Reflections on leading a “how-to” #twitterSoE workshop for academics

I delivered my first in a series of social networking workshops for academic researchers that are new to using social media tools.  The session focused on the ‘basics’  of using Twitter, which included an overview of what it is and a step-by-step interactive session on getting to grips with the various functions of the app.  The presentation, including the resources I used, can be found HERE.

It was a really enlightening session, not only for the participants who found it really useful but also for me as a first time trainer in this sort of field.  I have a background in teacher training and teacher development in TESOL, so this skills-type of training (so to speak) was an interesting challenge.  The session was designed to provide a clearer understanding of the purposes of Twitter so that individuals can begin to see for themselves how it can be used to raise their academic profiles.  I could have easily make the session all about using the functions of Twitter, a sort of ‘click here, click there’ presentation, but I didn’t.  Just because someone knows how to use something doesn’t mean that they understand how.  So, I started with presenting what Twitter is which helped raise the curiosity of the participants.  There were a lot of “Ah, I get it!” sort of moments in the beginning, which was great.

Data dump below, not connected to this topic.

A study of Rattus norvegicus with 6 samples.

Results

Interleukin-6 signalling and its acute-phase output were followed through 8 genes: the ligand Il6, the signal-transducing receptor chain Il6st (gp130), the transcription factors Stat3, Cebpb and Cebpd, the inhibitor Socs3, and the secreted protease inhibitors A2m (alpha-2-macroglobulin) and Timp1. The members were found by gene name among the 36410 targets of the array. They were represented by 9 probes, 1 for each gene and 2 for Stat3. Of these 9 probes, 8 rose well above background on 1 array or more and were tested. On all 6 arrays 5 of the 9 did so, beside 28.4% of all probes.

From there the session focused on trying out the different functions of Twitter while at the same time tying the practical aspects to the purpose of Twitter.  For example, we looked at how to mention someone in the tweet and why this could be an important tool for networking with other researchers (i.e. highlight interesting / important info relevant to a particular individual).  We looked at retweeting tweets and why this is useful for sharing resources with others.

What I took away from that session was that just because I know how to use something doesn’t mean that I necessarily could show others how to use it as clearly as it ‘seemed’ in my own head.  In other words, just because it makes sense to me doesn’t mean that it’s clear to others.  You’d think that someone who has teacher training experience would understand this!  I was aware of this gap when developing the content but teaching on a more technical level was a challenge that I’m looking forward to in developing in my own teaching practice.